This is coolbert:
Make war by flood!
Here two recent instance of floods, man-made during wartime the purpose of which was to deny an advancing adversary avenues of approach, resources, cause casualties to the enemy if possible.
Floods as caused by the breaching of dikes or the demolition of dams the result of which were awesome, on a scale apocalyptic and almost biblical in nature.
Casualties regrettably immense as well, FRIENDLY CIVILIANS MORE THAN LIKELY THE VICTIMS.
1. Yellow River Flood.
"The 1938 Yellow River flood . . . flood created by the Nationalist Government in central China during the early stage of the Second Sino-Japanese War in an attempt to halt the rapid advance of the Japanese forces. It has been called the 'largest act of environmental warfare in history.'"
. . . .
"To stop further Japanese advances into the western and southern part China, Chiang Kai-shek, at the suggestion of Chen Guofu, determined to open up the dikes on the Yellow River near Zhengzhou. . . . floods covered and destroyed thousands of square kilometers of farmland and shifted the mouth of the Yellow River hundreds of miles to the south. Thousands of villages were inundated or destroyed and several million villagers driven from their homes and made refugees. An official Nationalist post-war commission estimated that 800,000 were drowned, which may be an underestimate."
We need to be clear here. The flood man-made having the proper result from the military standpoint, but that loss of friendly civilian life just enormous, prodigious in the extreme.
Understood within the context that the Chinese Yellow River [Hwang Ho] referred to for thousands of years as "China's Sorrow". That river for a length of 500 miles [800 kilometers] the course of which kept in check by dikes, the river for that entire distance about thirty feet [10 meters] above the surrounding countryside, only those dikes at any given moment preventing flood on a massive and uncontrollable scale.
2. "Ukrainian Activists Draw Attention To Little-Known WWII Tragedy"
That great dam on the Dneiper river demolished as part of the Soviet scorched earth policy, a showcase monument to Soviet engineering expertise and communist can-do spirit destroyed, that release of water enormous and killing many tens of thousands, again, friendly civilians.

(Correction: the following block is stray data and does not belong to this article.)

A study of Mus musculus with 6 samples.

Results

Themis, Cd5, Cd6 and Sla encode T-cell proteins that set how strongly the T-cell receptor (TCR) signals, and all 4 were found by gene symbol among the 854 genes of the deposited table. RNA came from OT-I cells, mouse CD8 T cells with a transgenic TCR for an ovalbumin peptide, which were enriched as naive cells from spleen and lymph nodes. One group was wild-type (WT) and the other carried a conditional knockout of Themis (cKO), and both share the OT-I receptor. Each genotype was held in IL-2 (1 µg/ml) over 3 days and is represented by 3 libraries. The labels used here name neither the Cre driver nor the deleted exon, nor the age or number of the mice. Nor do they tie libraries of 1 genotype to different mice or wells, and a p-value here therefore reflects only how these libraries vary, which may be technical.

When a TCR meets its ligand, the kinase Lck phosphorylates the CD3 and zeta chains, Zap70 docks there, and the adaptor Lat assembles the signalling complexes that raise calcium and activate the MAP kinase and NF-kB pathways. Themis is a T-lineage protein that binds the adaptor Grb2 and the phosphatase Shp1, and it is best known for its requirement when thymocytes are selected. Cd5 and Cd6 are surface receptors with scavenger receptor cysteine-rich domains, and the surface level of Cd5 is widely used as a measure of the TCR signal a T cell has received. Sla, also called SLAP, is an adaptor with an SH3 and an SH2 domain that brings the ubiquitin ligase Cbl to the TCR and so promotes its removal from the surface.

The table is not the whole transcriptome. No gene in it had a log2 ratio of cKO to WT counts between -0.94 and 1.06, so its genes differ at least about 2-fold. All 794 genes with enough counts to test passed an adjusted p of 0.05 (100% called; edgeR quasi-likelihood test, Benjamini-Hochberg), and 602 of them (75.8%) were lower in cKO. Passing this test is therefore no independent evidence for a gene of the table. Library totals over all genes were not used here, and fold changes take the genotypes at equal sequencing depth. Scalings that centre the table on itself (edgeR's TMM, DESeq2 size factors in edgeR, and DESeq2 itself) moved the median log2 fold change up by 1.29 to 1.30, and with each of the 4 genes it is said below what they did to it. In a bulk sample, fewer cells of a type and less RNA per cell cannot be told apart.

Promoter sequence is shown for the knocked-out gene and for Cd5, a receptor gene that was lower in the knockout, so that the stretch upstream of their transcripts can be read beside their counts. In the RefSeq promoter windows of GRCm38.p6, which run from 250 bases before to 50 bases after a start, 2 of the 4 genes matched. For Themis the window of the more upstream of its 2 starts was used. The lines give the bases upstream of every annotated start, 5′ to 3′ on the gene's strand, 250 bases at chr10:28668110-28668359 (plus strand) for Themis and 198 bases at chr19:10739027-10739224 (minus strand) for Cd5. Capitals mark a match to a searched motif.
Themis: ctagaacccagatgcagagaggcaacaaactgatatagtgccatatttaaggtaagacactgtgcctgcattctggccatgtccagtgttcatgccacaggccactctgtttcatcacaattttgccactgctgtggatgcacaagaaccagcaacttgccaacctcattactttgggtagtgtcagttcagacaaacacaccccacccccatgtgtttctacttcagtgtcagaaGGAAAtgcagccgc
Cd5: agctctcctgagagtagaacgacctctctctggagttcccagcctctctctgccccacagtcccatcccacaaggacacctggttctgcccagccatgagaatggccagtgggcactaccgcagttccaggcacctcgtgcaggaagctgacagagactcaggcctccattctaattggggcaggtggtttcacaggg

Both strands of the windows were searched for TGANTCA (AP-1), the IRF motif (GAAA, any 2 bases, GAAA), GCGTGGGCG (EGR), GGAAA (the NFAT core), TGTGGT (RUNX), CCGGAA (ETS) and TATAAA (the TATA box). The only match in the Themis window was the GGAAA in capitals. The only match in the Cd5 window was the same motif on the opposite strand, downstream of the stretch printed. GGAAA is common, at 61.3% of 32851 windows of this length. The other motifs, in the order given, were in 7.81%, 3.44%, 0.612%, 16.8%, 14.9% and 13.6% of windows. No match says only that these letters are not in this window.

"In case of a forced retreat... all rolling stock must be evacuated, the enemy must not be left a single engine, a single railway car, not a single pound of grain or gallon of fuel. The collective farmers must drive off all their cattle and turn over their grain to the safe keeping of the state authorities for transportation to the rear. All valuable property, including non-ferrous metals, grain and fuel that cannot be withdrawn must be destroyed without fail. In areas occupied by the enemy, guerrilla units....must set fire to forests, stores and transports." - - J. Stalin.
"The tidal surge killed thousands of unsuspecting civilians, as well as Red Army officers who were crossing over the river."
"Since no official death toll was released at the time, the estimated number of victims varies widely. Most historians put it at between 20,000 and 100,000, based on the number of people then living in the flooded areas."
Dnieprostrov the destruction of which more than anything else an evidence of Soviet resolve.
"The Russians have proved now by their destruction of the great dam at Dniepropetrovsk that they mean truly to scorch the earth before Hitler even if it means the destruction of their most precious possessions ... Dnieprostroy was an object almost of worship to the Soviet people. Its destruction demonstrates a will to resist which surpasses anything we had imagined. I know what that dam meant to the Bolsheviks ... It was the largest, most spectacular, and most popular of all the immense projects of the First Five-Year Plan ... The Dnieper dam when it was built was the biggest on earth and so it occupied a place in the imagination and affection of the Soviet people difficult for us to realize ... Stalin's order to destroy it meant more to the Russians emotionally than it would mean to us for Roosevelt to order the destruction of the Panama Canal." - - Knickerbocker, American journalist.
This too an instance from ancient times, flood as a weapon of war:
3. Siege of Baghdad (1258).
That Mongol, while on the OFFENSIVE [Yellow River and Dnieprostrov defensive measures] using flood as a weapon of war, breaching dikes, causing a release of water that landscape to the rear of the Islamic cavalry the Caliph and his men faced with a barrier to their rear impassable, room for maneuver negated, defeat inevitable
"The cavalry were decisively defeated by the Mongols, whose engineers broke dikes along the Tigris River and flooded the ground behind the Abbasid forces, trapping them"
Indeed, that breaching and destruction of those dikes vicinity of Baghdad vital to agriculture as well, the population of the area not recovering for a subsequent seven hundred years hence!!
Well, at least the United States Army did resort to such measures.